Britain's Finance Minister: Fix Must Be Global Effort

British finance minister Alistair Darling leaves a television studio in London on Wednesday i i

British finance minister Alistair Darling leaves a television studio in London on Wednesday, when Britain's government announced that it would use taxpayers' money to buy major stakes in the country's eight main banks to prevent a collapse of the banking system. Shaun Curry/AFP/Getty Images hide caption

itoggle caption Shaun Curry/AFP/Getty Images
British finance minister Alistair Darling leaves a television studio in London on Wednesday

British finance minister Alistair Darling leaves a television studio in London on Wednesday, when Britain's government announced that it would use taxpayers' money to buy major stakes in the country's eight main banks to prevent a collapse of the banking system.

Shaun Curry/AFP/Getty Images

Many of the world's financial leaders are meeting in Washington, D.C., this weekend to discuss how to restore something that has turned out to be easy to lose and hard to get back: confidence in the financial markets.

Britain's chancellor of the exchequer, Alistair Darling, says governments around the world will have to work together to end the crisis and stop it from happening again.

"We're living in a time of huge uncertainty and huge turbulence. We haven't seen the likes of this for generations," Darling tells Steve Inskeep. "I think the key is to ensure that governments all over the world act together, firstly to stabilize the banking system ... but also agree amongst themselves that they will do whatever it takes to maintain stability."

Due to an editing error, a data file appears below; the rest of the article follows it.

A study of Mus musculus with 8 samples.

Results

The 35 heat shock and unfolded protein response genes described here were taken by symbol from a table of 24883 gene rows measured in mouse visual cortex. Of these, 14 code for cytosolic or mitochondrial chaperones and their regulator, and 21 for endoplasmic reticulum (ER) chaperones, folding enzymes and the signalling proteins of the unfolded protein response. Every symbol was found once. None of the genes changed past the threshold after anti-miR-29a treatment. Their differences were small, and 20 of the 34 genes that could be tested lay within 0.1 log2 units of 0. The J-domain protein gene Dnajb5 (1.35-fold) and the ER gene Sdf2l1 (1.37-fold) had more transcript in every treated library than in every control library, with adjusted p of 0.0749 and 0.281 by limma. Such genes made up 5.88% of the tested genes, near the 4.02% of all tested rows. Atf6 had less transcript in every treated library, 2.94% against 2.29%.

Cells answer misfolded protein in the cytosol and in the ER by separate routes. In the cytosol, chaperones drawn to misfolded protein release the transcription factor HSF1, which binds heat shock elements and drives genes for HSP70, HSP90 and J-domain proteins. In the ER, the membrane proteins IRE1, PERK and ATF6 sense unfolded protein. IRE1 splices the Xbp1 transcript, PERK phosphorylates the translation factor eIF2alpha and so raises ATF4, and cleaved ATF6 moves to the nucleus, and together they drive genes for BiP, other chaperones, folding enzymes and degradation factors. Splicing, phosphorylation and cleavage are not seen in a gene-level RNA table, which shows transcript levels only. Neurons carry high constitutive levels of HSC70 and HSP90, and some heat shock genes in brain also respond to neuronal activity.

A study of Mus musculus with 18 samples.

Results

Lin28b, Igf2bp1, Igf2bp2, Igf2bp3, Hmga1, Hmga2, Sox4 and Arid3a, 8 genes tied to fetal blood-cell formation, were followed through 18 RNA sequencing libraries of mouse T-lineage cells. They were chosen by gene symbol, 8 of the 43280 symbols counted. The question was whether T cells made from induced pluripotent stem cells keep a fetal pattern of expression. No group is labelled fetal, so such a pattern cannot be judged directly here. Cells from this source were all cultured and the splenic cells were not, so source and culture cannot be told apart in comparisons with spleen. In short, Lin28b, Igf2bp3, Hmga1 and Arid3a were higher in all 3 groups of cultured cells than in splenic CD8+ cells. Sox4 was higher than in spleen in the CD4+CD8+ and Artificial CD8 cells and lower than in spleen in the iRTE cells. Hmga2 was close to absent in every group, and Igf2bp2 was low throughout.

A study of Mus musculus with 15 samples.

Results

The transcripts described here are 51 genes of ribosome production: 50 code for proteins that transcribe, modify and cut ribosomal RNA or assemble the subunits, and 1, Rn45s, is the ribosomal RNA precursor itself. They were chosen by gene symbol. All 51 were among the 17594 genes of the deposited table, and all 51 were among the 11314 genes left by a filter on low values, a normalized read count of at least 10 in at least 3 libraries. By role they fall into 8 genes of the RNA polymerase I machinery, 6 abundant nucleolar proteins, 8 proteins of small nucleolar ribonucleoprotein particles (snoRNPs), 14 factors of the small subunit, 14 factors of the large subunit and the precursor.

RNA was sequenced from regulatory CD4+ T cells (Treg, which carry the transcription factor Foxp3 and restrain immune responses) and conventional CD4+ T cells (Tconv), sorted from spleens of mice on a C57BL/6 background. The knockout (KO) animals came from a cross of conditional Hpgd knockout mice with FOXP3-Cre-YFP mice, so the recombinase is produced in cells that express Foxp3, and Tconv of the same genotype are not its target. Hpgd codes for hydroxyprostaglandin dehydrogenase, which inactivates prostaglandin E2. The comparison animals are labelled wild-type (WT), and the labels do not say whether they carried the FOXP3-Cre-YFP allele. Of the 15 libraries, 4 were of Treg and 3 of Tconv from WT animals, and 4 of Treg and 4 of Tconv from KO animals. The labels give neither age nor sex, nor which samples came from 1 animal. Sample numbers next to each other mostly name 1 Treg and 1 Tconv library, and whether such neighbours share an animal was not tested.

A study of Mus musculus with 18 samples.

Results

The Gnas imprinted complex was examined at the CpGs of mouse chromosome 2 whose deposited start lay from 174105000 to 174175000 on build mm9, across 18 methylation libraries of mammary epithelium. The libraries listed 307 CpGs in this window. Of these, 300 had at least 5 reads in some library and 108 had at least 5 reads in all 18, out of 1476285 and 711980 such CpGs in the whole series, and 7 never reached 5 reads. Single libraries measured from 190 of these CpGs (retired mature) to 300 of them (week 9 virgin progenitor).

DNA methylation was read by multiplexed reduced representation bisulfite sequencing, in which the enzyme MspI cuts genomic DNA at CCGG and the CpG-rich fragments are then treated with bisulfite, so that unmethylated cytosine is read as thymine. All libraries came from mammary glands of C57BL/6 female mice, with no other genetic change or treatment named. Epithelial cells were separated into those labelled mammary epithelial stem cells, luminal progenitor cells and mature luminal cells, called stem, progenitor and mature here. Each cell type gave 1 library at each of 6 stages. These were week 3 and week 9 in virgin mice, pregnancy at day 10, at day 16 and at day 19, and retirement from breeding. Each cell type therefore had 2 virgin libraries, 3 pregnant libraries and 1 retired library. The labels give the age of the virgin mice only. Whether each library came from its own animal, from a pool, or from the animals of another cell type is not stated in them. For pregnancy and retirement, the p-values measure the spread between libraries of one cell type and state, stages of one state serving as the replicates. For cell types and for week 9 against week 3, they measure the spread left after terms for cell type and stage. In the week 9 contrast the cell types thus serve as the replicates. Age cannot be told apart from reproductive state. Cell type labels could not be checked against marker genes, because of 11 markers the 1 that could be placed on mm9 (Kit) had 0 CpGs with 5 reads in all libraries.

Things will look different "when people have confidence that the banking system has enough capital behind it" — and realize that the "astronomical" amount of lending between banks is being supported by central banks and governments around the world, Darling says.

As rescue plans are put in place in the United States and Britain, he says, confidence will be rebuilt. But those nations' measures need to happen around the world.

"If ever you wanted an illustration of how globalized the economy is now, you see it in what's happening in the markets today," he says. "It means central banks and governments have got to work together to stabilize the system and support it in any way they can."

The point of the weekend meeting in Washington, D.C., is to come away with a commitment "not just from the world's largest economies but from the IMF [International Monetary Fund] generally to make sure that we deal with the problem" and also take steps to stop it from happening again.

Other nations' governments have seemed hesitant to intervene to the extent that Britain and the U.S. have, but Darling says that's changing rapidly.

"The mood's changing. ... It's a problem in every part of the world, every government. The fact that all the central banks of the big countries cut interest rates together. ... People now see this as a global problem."

Darling says he doesn't think government involvement has to be a permanent feature of the financial industry around the world, but it's needed now to help stem the crisis.

"Markets cannot sort this problem on their own, and governments do need to be prepared to intervene on behalf of the people who elect them," he says. "People who elect them expect governments to do something to help them. That's what we're doing. That's what's happening in different parts of the world, and that's what we're going to be discussing over these next couple of days."